Test drive: The new Chevrolet Spark minicar

Chevrolet hopes the Spark's low price, comfortable interior and good gas mileage will attract new buyers to the "mini-car" segment. Jerry Edgerton

(MoneyWatch) A FedEx van cruises to my left and a big delivery truck to my right, with just a narrow lane between them. But my bright red Chevrolet Spark squirts through the opening with room to spare. That's the kind of urban maneuverability that General Motors (GM) hopes will attract buyers to the Spark, its new mini-car.

The Spark, already sold in 80 other countries, enters a U.S. segment previously populated mainly by interesting, but unsuccessful, entries like the Smartfortwo. Last year, the Fiat 500 brought a stylish, drivable alternative into this category.

With the $12,999 starting price for the Spark base version and an array of splashy colors, GM aims to attract new buyers to this segment. (The Mini Cooper, although a similar size, starts at $19,500 and competes with more expensive subcompacts and compacts.)

A 2013 model, the Spark has just gone on sale. With a four-cylinder 1.25-liter engine paired with either a five-speed manual or a four-speed automatic transmission, Spark's acceleration won't be confused with a Corvette. But in the manual version that I test-drove, it produced enough oomph to outmaneuver the trucks and taxis on New York City streets or pass when needed at highway speeds.


While Chevy is emphasizing the $12,995 starting price on its LS base version (compared with about $15,500 for the Fiat 500) the Spark also offers two higher levels with more equipment. The 1LT, which starts at $14,495, includes a seven-inch touch screen for navigation and music and the sort of features that most buyers now expect, like remote door locks and cruise control. The $15,795 2LT mostly adds styling touches, such as 15-inch alloy wheels and leatherette seats.

Here are more detailed impressions after my test drive of the Spark:

Exterior style: It's hard for a car that is over 12 feet long to look sleek. But the Spark's designers have used tricks to keep its tall silhouette from looking too choppy, like putting the rear-door handles unobtrusively high so they don't interrupt the doors' flow. Aiming at younger buyers, the Spark specializes in bright colors with whimsical names. Those include Salsa (the red shown above), jalapeno (a bright green, naturally), denim (blue) and techno pink (really more of a light rose). But the effect on the five-door hatchback is cheerful and helps keep a car so small from fading into the streetscape.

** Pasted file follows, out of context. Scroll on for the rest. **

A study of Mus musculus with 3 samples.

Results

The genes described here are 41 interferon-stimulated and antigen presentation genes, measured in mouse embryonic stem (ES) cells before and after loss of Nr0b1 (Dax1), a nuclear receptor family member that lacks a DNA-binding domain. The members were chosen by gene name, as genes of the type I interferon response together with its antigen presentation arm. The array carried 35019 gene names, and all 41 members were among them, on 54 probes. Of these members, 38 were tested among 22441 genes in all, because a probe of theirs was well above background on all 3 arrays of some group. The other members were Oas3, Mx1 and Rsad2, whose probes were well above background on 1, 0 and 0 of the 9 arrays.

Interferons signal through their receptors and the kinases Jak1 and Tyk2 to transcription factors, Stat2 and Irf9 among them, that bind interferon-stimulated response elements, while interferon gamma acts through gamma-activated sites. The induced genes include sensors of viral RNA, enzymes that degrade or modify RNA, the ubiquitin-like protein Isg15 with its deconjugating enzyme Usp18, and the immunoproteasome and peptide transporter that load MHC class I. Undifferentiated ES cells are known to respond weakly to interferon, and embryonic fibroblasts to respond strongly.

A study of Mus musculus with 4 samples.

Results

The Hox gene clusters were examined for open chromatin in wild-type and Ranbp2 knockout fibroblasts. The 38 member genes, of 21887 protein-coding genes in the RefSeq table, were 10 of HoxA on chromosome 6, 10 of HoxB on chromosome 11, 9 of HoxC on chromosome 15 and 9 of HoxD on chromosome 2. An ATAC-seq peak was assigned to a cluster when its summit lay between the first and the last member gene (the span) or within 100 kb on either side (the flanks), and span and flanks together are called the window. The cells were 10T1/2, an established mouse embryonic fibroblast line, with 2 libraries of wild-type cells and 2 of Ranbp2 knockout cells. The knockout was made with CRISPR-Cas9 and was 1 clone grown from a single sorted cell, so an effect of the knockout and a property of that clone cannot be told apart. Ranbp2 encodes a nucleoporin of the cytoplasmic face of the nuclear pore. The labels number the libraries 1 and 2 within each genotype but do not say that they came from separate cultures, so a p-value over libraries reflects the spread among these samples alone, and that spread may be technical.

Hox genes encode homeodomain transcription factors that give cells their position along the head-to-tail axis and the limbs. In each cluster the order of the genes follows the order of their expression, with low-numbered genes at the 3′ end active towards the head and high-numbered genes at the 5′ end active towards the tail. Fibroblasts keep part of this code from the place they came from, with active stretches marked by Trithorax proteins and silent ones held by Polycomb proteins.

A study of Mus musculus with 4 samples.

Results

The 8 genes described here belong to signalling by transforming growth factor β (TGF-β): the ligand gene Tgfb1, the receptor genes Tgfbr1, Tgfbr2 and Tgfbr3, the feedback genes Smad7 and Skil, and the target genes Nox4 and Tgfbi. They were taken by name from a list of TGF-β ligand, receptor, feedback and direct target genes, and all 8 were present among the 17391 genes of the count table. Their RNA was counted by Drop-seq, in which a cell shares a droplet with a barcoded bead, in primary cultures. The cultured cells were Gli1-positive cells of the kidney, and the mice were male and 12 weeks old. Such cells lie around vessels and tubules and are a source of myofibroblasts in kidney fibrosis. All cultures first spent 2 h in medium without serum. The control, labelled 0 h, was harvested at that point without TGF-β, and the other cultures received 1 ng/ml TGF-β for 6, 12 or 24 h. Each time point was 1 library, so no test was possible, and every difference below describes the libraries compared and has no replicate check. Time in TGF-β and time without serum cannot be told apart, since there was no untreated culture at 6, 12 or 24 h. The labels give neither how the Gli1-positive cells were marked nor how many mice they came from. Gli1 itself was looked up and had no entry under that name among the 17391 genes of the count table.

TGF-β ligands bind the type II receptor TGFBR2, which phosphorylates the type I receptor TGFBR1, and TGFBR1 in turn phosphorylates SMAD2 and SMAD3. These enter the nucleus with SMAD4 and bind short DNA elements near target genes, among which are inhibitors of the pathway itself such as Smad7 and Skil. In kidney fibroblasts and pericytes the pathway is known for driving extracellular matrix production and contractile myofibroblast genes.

Interior comfort: Spark has comfortable seats with good driver visibility. The six-foot-four GM engineer who was riding shotgun with me had plenty of room for his legs. In the rear, two adults -- not just small children -- could readily get in and ride comfortably.

Although the Spark has good room for passengers, the cargo capacity with the rear seats folded down is just 31.2 cubic feet. If hauling stuff is a major need of yours, you may want to spend a little more for a Honda Fit, which has a whopping 57.3 cubic feet maximum capacity.

Navigation, music and telephone: GM market research found that target buyers in this car segment wanted navigation, but didn't to pay the $2,000 or so that is typical for an installed system when bundled with other mandatory equipment. So the automaker developed a $50 software application that operates from your mobile phone and that can be controlled from the vehicle's seven-inch touch screen (which is easily read from the driver's seat and is as useful as bigger screens in some larger cars.)

Playing music from AM, FM or satellite radio, or the tunes stored on your phone, and making phone calls can all be done from the touch-screen. Though the Chevrolet MyLink system lacks the voice commands of Ford's (F) pioneering SYNC, it is simpler and less confusing than Ford's latest generation of SYNC called MyFord Touch.

Whether the car shoppers are young Millennials or older baby boomers, that $12,995 starting price combined with a comfortable interior and reasonable power and handling likely will prove attractive. If they like the Spark, though, many will likely move up one grade to the 1LT version to get amenities like power locks and cruise control.